Uranium Toxicity in Plants Traced to Nitrogen and Protein Problems

Scientists have discovered why uranium contamination is harmful to plants, slowing down efforts to clean up polluted soil.

A new study reveals how uranium poisons plants – findings that could help efforts to clean up uranium-polluted soil using plants. The research by Xi Chen and colleagues, published in Environmental and Experimental Botany, found uranium messes with nitrogen metabolism and protein folding in plant cells, shedding light on why the heavy metal stunts plant growth. Understanding these toxic effects can help identify plants that tolerate uranium better for “phytoremediation” – using plants as living sponges to soak up and remove pollutants from contaminated soil and water.

The researchers examined the effects of uranium on radishes and broad beans. They found that uranium exposure had more severe effects on the growth of broad bean plants compared to radish plants, indicating radish has a higher tolerance to the heavy metal. One reason was due to how the plants handled nitrogen.

The researchers found uranium boosted nitrogen uptake in radish by ramping up the activity of a key enzyme called nitrate reductase that helps plants process nitrogen. But in broad bean, uranium harmed nitrogen processing by depressing the activity of nitrate reductase and another nitrogen-related enzyme named glutamine synthetase.

Uranium also caused stress to an important plant cell structure called the endoplasmic reticulum, which is involved in protein production in both plants. The endoplasmic reticulum is responsible for folding and processing proteins so they have the proper shape and function. Uranium caused proteins in the endoplasmic reticulum to misfold, triggering the plant cells’ quality control systems that try to refold or dispose of defective proteins. However, radish plants could more effectively deal with the uranium-induced protein misfolding by ramping up systems that identify and destroy malformed proteins.

Uranium is a heavy metal that can contaminate soil and groundwater around mining and nuclear sites. Though plants don’t need uranium to grow, some species can absorb and accumulate uranium from contaminated sites through their roots. This has led to interest in using plants to clean up uranium-polluted areas through a process called phytoremediation. However, uranium is toxic to most plants, stunting their growth and thwarting cleanup efforts. By understanding uranium’s toxic effects in plants, scientists hope to identify and develop uranium-tolerant plant species to improve phytoremediation.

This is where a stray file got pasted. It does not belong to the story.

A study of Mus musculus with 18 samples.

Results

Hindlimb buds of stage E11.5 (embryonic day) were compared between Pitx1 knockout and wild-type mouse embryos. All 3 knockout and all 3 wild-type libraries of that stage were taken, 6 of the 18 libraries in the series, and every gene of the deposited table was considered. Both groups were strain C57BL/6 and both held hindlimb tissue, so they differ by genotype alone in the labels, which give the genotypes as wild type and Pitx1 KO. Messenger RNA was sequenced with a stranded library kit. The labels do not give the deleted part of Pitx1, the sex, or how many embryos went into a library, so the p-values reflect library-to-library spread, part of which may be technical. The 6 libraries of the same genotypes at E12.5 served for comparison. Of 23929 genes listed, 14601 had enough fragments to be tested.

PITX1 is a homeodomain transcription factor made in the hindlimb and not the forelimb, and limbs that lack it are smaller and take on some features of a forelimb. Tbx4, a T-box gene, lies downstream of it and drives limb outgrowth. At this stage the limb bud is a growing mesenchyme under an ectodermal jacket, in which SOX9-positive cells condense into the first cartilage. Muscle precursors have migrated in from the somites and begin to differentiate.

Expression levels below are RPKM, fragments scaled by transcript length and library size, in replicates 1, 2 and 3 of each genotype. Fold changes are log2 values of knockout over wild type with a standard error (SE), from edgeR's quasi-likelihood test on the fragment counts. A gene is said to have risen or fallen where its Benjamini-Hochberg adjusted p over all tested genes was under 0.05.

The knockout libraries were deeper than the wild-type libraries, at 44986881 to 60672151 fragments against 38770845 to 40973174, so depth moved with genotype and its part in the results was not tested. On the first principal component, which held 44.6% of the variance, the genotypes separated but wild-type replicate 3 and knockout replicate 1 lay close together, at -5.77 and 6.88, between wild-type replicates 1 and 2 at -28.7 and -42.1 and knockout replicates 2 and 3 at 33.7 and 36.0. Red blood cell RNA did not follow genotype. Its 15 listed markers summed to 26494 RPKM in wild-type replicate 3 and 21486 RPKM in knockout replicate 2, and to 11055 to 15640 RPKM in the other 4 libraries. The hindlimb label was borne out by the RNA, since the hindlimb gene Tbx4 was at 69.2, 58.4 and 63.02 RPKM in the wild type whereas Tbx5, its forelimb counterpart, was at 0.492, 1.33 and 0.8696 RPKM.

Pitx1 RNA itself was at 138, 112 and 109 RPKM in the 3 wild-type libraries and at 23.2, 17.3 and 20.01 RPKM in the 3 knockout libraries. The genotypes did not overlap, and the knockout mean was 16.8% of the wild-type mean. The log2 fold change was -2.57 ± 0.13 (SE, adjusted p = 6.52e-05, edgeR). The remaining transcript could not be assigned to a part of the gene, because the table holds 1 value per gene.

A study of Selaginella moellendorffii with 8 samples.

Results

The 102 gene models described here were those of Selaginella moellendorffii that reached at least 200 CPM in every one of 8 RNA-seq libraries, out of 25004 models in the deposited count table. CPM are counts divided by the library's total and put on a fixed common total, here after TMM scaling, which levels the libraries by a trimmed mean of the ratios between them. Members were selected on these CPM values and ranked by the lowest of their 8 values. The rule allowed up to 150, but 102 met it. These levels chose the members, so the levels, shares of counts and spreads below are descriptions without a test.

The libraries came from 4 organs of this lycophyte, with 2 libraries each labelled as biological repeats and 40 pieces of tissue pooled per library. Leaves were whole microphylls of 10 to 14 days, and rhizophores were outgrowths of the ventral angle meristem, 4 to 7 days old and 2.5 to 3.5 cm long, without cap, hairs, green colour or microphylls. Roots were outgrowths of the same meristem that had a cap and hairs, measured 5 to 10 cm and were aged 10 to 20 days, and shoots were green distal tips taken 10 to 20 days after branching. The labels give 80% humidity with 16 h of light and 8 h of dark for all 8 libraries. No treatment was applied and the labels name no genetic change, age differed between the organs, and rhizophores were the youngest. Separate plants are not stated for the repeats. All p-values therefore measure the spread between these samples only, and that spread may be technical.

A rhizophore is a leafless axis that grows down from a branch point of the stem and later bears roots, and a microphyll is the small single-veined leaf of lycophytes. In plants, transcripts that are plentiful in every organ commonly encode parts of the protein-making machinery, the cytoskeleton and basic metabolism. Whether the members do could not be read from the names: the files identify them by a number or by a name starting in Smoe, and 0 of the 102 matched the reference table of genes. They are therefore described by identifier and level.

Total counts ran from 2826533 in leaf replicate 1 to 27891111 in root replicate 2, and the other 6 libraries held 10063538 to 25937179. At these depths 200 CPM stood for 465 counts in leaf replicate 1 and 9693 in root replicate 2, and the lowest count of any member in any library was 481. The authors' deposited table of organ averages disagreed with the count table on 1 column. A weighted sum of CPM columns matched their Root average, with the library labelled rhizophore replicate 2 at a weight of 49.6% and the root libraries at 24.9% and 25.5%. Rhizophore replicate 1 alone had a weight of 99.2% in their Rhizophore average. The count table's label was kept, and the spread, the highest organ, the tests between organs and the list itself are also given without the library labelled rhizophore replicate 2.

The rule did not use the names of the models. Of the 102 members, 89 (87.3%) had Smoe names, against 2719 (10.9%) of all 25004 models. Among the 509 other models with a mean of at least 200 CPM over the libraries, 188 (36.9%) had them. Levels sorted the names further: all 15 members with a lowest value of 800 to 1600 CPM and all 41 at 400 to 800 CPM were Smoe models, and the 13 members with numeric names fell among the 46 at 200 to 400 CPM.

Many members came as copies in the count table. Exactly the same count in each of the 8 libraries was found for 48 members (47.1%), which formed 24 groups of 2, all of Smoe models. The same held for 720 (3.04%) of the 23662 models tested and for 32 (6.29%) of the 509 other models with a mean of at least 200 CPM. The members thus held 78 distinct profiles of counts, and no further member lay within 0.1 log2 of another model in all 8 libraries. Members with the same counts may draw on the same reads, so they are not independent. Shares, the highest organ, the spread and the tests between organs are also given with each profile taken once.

To uncover uranium’s toxic effects, the researchers grew radish and broad bean plants hydroponically in nutrient solutions. After allowing the plants to establish growth for 10 days, they exposed them to a uranium concentration of 25 micromoles per litre for 3 days.

The experiments revealed uranium accumulated to higher levels in radish roots but inhibited growth more severely in broad beans in terms of lower biomass and root browning. Analyzing nitrogen content, the team found uranium increased levels of assimilated nitrogen compounds in radishes but decreased them in broad beans. Matching this pattern, the activity of the key nitrogen metabolism enzyme nitrate reductase increased nearly 3-fold in uranium-treated radishes but decreased by over 25% in broad beans.

Looking inside plant cells, the researchers discovered uranium caused misfolding of proteins in the endoplasmic reticulum, an organelle involved in processing proteins. However, radish plants could more effectively deal with these malformed proteins by activating protein disposal systems – twenty-seven related genes were upregulated in radishes, with ten genes downregulated. In comparison, only nine genes were upregulated in broad beans, while twelve were down-regulated. This superior protein quality control in radish likely enables it to handle uranium stress better than broad beans.

Chen and colleagues’ results have shown how uranium inhibits plant growth at the molecular level by interfering with key nitrogen assimilation and protein production processes. These discoveries pave the way for tailoring optimal phytoremediation plants able to withstand uranium’s toxic impacts. Such specially bred “super plants” could provide an eco-friendly remediation solution for cleaning up uranium-polluted soils and groundwater.

Chen, X., Dang, Y.-X., Li, Q.-L., Li, W., Xie, M.-T., Wang, M.-X., Tao, M.-F., Zhao, S.-S., Lai, J.-L. and Wu, G. (2023) “Uranium affects nitrogen metabolism and endoplasmic reticulum protein homeostasis in plants,” Environmental and Experimental Botany, 213(105444), p. 105444. Available at:

Dale Maylea

Dale Maylea was a system for adding value to press releases. Then he was a manual algorithm for blogging any papers that Alun Salt thinks are interesting. Now he's an AI-assisted pen name. The idea being telling people about an interesting paper NOW beats telling people about an interesting paper at some time in the future, when there's time to sit down and take things slowly. We use the pen name to keep track of what is being written and how. You can read more about our relationship with AI.